More New Watches Celebrating the Year of the Dragon

This Chinese zodiac assigns an animal to represent each lunar new year, cycling through the 12 animals who according to myth came down from heaven to help the Chinese people celebrate the spring. This year is the year of the dragon, which promises to bring good fortune and strength—and, of course, year of the dragon special edition watches. Worn & Wound has already covered some of the best ones out there, but one article (and even two) isn’t enough to cover them all.

The IWC Portugieser Chronograph might be the most beautiful year of the dragon watch to come out thus far. The wine colored dial with gold numerals and hands that just ooze luxury, and pays tribute to the Chinese new year on its movement, which features an intricately carved gold dragon rotor. The watch comes with a black calfskin strap, but the rubber strap in a wine that matches the dial provides a stunning complement. IWC has done a few Chinese new year models in the past—this one is far and away the best. The brand’s year of the rabbit had a similar wine and gold coloring, but lacked a two-subdial chronograph complication like the year of the dragon. 2022’s year of the tiger was a chronograph but as a three-subdial chronograph with day and date windows, the dial just feels crowded and lacks the more elegant simplicity of this year’s model. And the metal work on the dragon rotor blows away the last two years’ animal rotors.

Tag Heuer uses the inverse color scheme of the special edition Portugieser in their Carrera Chronograph Year of the Dragon, which features an 18k rose gold dial and case with wine subdials and highlights. The Chinese character for “dragon” is featured on the dial in the middle of the case, while a dragon is printed on the display sapphire caseback. There’s a stainless steel version available also, with a beautiful sunray dial.

Commemorating the year of the dragon in similarly subtle fashion, the Jaeger-LeCoultre Reverso Tribute Enamel Dragon’s black enamel caseback features an engraved gold dragon. The Reverso caseback often features artwork on the flipside of the dial, and has even celebrated the Chinese new year in the past. In 2022, Jaeger-LeCoultre released a nearly identical watch, but with a tiger on the caseback. The Reverso may have been designed so you could flip the watch to protect the dial, but as gorgeous as the enamel and metal work on the dragon side is, you may find yourself doing the opposite with this iteration.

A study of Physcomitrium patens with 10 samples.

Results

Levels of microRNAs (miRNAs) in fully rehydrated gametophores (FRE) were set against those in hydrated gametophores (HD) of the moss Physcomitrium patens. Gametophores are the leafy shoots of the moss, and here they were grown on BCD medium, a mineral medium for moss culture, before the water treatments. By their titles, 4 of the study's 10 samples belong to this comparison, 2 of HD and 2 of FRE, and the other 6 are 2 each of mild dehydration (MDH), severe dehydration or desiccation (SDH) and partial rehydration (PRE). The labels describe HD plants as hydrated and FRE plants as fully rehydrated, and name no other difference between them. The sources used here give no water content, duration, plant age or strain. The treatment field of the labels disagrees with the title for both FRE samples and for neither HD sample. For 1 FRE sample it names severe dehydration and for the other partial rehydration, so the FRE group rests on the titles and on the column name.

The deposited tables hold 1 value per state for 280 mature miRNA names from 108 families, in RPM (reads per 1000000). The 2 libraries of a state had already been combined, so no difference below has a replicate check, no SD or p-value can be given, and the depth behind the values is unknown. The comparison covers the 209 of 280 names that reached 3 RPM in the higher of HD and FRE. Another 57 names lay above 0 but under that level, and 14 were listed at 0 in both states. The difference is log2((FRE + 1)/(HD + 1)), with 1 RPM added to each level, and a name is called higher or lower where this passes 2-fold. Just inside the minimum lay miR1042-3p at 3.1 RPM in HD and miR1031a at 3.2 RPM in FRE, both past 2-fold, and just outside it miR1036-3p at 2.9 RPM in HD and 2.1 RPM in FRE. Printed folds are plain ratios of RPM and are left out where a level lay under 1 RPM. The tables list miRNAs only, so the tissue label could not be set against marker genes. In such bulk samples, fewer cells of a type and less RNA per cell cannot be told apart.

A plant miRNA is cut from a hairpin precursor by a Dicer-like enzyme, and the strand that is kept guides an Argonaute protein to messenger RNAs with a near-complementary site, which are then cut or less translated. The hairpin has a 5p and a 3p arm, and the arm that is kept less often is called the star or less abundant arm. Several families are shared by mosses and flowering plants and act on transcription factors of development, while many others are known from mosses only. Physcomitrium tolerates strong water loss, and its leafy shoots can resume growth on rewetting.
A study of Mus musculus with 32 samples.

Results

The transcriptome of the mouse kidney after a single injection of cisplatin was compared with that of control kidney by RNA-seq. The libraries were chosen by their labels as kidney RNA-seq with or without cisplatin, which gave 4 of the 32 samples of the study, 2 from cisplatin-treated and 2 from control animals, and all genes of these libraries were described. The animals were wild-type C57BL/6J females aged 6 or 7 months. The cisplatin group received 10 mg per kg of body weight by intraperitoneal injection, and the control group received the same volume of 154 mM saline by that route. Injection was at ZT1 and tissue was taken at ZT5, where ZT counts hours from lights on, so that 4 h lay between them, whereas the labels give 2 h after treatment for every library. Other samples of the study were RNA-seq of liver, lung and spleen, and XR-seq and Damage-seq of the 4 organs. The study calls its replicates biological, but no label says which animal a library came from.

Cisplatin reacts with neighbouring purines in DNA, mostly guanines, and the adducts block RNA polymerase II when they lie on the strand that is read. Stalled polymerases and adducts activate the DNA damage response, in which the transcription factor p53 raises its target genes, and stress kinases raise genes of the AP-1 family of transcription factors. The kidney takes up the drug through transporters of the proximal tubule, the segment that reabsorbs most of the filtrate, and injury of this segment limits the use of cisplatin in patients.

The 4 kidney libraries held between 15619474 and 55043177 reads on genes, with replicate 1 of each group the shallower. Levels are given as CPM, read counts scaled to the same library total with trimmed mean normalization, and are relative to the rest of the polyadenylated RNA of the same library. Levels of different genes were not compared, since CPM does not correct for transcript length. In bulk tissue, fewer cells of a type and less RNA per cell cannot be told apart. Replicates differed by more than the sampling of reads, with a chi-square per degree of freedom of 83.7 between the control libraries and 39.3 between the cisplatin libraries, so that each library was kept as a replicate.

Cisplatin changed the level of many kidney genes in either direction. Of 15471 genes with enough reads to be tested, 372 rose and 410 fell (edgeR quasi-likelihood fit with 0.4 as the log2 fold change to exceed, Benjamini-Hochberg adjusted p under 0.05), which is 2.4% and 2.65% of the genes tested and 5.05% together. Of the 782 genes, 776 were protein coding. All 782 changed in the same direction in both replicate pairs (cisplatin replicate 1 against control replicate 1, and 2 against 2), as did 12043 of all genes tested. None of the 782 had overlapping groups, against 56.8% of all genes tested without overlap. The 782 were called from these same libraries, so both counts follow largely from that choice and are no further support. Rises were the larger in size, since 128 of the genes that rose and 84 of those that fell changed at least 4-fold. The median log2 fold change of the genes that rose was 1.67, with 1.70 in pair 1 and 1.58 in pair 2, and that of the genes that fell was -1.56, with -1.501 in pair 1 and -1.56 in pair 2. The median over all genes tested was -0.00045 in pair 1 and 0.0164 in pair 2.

Bell & Ross used even more extensive engraving in their year of the dragon watch. Ornate engravings cover the entire watch, showing a dragon’s head in the dial and its serpentine body snaking down the integrated bracelet. And, of course, in classic Bell & Ross style the BR 05 Artline utilizes a rounded square case. Inside the watch is the brand’s BR.CAL-321 movement, Bell & Ross’ take on the workhorse Sellita SW-300 and ETA 2892-2. With a monochrome steel case and dial, sapphire crystal, and 100 meters of water resistance, the BR 05 Artline combines high art with day-to-day practicality and durability.

These are just a few of my favorite year of the dragon watches to be released thus far. When the year of the dragon begins on February 10, may it bring you good fortune—most of us will need it in order to afford one of these watches.